The famed extreme skier was blown off Manaslu, the world’s eighth-highest mountain, by a small avalanche on Monday.
The body of top American mountaineer Hilaree Nelson has been found near a 26,700-foot (8,138-metre) mountain peak in Nepal where she went missing earlier this week.
Nelson, aged 49, was blown off Manaslu, the world’s eighth-highest mountain, by a small avalanche on Monday morning Nepal time as she and her partner, Jim Morrison, skied down from the summit, according to Morrison and her sponsor, The North Face, an outdoor gear company.
“She was swept off her feet and carried down a narrow snow slope down the south side [opposite from climbing route] of the mountain,” Morrison posted on his Instagram.
Search-and-rescue teams were unable to find Nelson’s body until Wednesday when Morrison and a sherpa were airlifted to a spot 22,000 feet (6,705 meters) up the mountain.
Her body was flown by helicopter to a hospital in Kathmandu where doctors planned to perform an autopsy.
“I’m in Kathmandu with her and her spirit,” Morrison wrote. “My loss is indescribable and I am focused on her children and their steps forward.”
Nelson, who grew up in Seattle, was considered one of the top female ski mountaineers in the world. At the time of her death, she was living in Telluride, Colorado, with her two sons.
Nelson and Morrison, from Tahoe, California, are extreme skiers who reached the summit of Mount Lhotse, the world’s fourth-highest mountain, in 2018. The feat earned her the National Geographic Adventurer of the Year award.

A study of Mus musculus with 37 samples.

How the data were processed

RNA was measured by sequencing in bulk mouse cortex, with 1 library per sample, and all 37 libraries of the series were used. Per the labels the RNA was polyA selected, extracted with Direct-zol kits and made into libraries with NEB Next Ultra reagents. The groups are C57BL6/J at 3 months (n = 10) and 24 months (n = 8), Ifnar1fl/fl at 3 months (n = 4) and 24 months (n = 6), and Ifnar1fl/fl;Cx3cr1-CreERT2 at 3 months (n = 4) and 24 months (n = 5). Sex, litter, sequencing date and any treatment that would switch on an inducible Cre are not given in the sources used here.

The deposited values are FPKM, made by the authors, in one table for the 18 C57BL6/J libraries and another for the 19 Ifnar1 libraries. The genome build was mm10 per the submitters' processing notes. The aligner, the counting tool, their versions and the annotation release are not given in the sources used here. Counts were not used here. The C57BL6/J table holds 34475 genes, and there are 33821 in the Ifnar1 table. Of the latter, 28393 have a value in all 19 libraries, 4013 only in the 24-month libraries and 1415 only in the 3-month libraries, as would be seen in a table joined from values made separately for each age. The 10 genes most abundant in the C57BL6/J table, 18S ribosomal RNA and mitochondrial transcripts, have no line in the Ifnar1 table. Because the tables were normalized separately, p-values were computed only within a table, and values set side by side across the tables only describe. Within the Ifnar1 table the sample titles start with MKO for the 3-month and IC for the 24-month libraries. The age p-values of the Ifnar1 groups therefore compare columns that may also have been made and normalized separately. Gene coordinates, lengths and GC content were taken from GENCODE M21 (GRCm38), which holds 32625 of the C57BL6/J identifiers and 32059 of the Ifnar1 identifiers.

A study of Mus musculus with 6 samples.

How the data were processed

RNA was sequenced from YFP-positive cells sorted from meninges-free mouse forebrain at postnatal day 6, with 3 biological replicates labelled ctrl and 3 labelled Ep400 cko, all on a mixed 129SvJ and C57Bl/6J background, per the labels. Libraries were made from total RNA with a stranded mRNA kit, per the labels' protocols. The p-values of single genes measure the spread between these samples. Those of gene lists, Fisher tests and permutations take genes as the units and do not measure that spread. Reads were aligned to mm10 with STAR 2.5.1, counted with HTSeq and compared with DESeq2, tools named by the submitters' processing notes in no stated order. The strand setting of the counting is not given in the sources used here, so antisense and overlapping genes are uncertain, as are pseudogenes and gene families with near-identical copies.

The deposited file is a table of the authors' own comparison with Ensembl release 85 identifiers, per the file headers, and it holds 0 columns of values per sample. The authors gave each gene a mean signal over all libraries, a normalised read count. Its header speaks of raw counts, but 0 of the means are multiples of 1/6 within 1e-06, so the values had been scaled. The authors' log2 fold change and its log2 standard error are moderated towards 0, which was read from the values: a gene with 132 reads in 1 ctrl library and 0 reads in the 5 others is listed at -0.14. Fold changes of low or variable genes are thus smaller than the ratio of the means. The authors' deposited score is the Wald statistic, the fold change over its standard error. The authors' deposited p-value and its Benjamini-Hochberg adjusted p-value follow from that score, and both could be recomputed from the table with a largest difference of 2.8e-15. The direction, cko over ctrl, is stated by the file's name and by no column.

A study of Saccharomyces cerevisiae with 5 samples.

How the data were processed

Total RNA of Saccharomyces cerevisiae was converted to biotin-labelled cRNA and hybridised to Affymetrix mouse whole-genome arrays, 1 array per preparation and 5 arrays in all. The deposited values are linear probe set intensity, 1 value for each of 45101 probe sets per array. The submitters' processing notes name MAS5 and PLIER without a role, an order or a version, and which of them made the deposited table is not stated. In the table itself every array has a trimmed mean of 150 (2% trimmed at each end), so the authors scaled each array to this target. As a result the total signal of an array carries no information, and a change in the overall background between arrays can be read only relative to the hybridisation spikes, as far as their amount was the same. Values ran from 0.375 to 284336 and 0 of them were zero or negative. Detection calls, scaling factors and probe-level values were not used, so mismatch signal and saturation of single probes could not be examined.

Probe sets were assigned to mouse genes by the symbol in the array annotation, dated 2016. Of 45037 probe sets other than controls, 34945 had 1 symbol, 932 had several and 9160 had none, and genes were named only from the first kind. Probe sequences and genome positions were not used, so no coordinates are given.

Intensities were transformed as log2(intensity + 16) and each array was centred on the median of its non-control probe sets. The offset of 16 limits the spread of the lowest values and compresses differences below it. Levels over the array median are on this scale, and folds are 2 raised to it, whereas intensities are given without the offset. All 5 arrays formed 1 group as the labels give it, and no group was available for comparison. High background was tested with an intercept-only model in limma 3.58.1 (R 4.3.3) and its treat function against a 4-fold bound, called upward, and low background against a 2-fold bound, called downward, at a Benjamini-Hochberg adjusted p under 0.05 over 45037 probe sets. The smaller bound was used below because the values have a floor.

“Today we lost our hero, mentor and our friend,” tweeted The North Face, which described her as “the most prolific ski mountaineer of her generation”.
“Hilaree Nelson held a spirit as big as the places she led us to,” the company said.
Mountaineers and well-wishers have shared heartfelt messages for Nelson since she went missing.
“Let’s pray for Hilaree,” fellow The North Face athlete Fernanda Maciel, currently at the Manaslu base camp, wrote on Instagram on Tuesday.
Mountain guide Caroline George thanked Nelson for inspiring her own adventures. “She is a beacon… I have infinite gratitude for her journey on this planet and for the legacy she leaves,” she wrote.
Also on Monday, an avalanche at a lower elevation on the same mountain killed Nepali climber Anup Rai and injured several other climbers. Hundreds of climbers and their local guides were attempting to reach the summit during Nepal’s autumn climbing season.
The deaths of Nelson and Rai are the first confirmed casualties of the autumn climbing season in Nepal.
Nepal’s government has issued permits to 404 climbers during the autumn season. Most are climbing Mount Manaslu, where constant rain and snow have been challenging.
Nepal is home to eight of the world’s 14 highest peaks and foreign climbers who flock to its mountains are a significant source of income for the country.
The industry was almost completely shut down due to the coronavirus pandemic in 2020, but the country reopened its peaks to mountaineers last year.